September 14, 2020 at 8:20 am

Alumni News | Bryant Uses Law Degree For Service, Community Change

Fred Bryant, portrait

Fred Bryant

Growing up in in Louisville, Ky., Ohio University alumnus Ret. Col. Fred Bryant, Esq. didn’t have Ohio University on his radar until a friend came back from her first semester of undergraduate school and told him he should “check it out.”

Then, on a road trip to West Virginia, he stopped to see the campus and instantly fell in love. It was the only university he ended up applying to, and he went on to major in English Literature, graduating from Ohio University in 1969.

During his time at OHIO, Bryant ran cross-country and was very involved in ROTC as well as a military fraternity on campus.

“I gained a lot of organizational, leadership and management skills through these organizations,” he said.

Next to meeting his wife, Carol, one of his favorite memories of his time at OHIO was when there were major floods in Nelsonville, and the university dismissed classes for the day to allow students to join the National Guard in sandbagging and repairing the area. “It was such a formative experience, because it was students, and the military all coming together to come help their town.” Hundreds of students ended up showing up that day.

After graduating, Bryant never planned on going to law school. He planned on serving in the Army, and he joined shortly after graduating. It wasn’t until he was serving as an infantry officer six years later that his adviser encouraged him to look into law. Eventually, after being stationed Washington, Bryant decided to attend the University of Puget Sound’s law school in Tacoma, now Seattle University School of Law.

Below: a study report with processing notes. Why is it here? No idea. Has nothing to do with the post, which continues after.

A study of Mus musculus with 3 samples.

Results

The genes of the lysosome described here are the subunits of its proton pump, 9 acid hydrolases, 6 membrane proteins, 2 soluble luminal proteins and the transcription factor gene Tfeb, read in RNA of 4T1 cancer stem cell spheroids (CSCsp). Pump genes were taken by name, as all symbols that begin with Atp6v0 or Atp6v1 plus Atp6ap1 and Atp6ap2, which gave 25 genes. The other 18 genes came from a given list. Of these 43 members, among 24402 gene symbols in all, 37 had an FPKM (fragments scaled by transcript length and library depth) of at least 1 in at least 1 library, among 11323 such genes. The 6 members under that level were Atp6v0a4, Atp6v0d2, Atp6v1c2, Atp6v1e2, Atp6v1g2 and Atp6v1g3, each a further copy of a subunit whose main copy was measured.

His law degree would go on to take him many different places. Not only did he spend 30 years in the Army as a 2nd commissioned lieutenant, Bryant substitute taught at the Fayette County schools, worked for the Government Military Affairs Committee as a Deputy and Legal Advisor, then spent 12 years directing the redevelopment of former Army Base Gillem in the Atlanta area.  Finally, he volunteered 16 years of pro-bono work with a truancy intervention project in Atlanta to find better ways of reaching young people when they are truant, to make sure their truancy doesn’t turn into delinquency, and adult criminality.

“I personally represented about 120-130 kids during my time with the truancy project,” Bryant said.

“I love seeing how you can impact the community around you, for instance, during the Fort Gillem project the redevelopment helped create a lot of jobs and opportunities for the people in that area.” He is thankful for the ways in which his time at OHIO helped prepare him throughout his career. “I was able to really hone my writing skills, and learning to read and analyze pieces to take a stance in an argument all translates well into being a lawyer.”

Since Bryant’s time at OHIO, the Center for Law, Justice and Culture now offers the Summer Law & Trial Institute to impart these same critical skills to current students. The program inspired Bryant and his wife, Carol, AB ’70, to make a generous gift this year in support of the institute. They also made a gift to the George Floyd Memorial Scholarship.

“I would like to congratulate OHIO on the Center for Law, Justice and Culture and Summer Law & Trial Institute,” said Bryant, who noted that he was elated to hear that the students were able to learn more about law and get involved with it early in their academic careers.

In 2018, Bryant participated in the CLJC’s Pre-Law Day program, where he shared his experiences in the legal profession with students interested in attending law school.  He is excited to continue to engage with OHIO students in the future through Pre-Law Day and any other ways that he can.

For the students interested in law, Bryant had a few pieces of advice: “Be realistic. If your goal is to go to law school, pick one that is going to suit your needs personally and professionally. Look for a law school that will prepare you to be successful on the bar. Also, think about where you want to practice. Law school is not ridiculously hard like people make it out to be, it’s just a matter of applying yourself like you do in undergrad and making it a priority in your life. You don’t have to decide what you want to do in law school, but take the opportunity to try things you’re interested in.”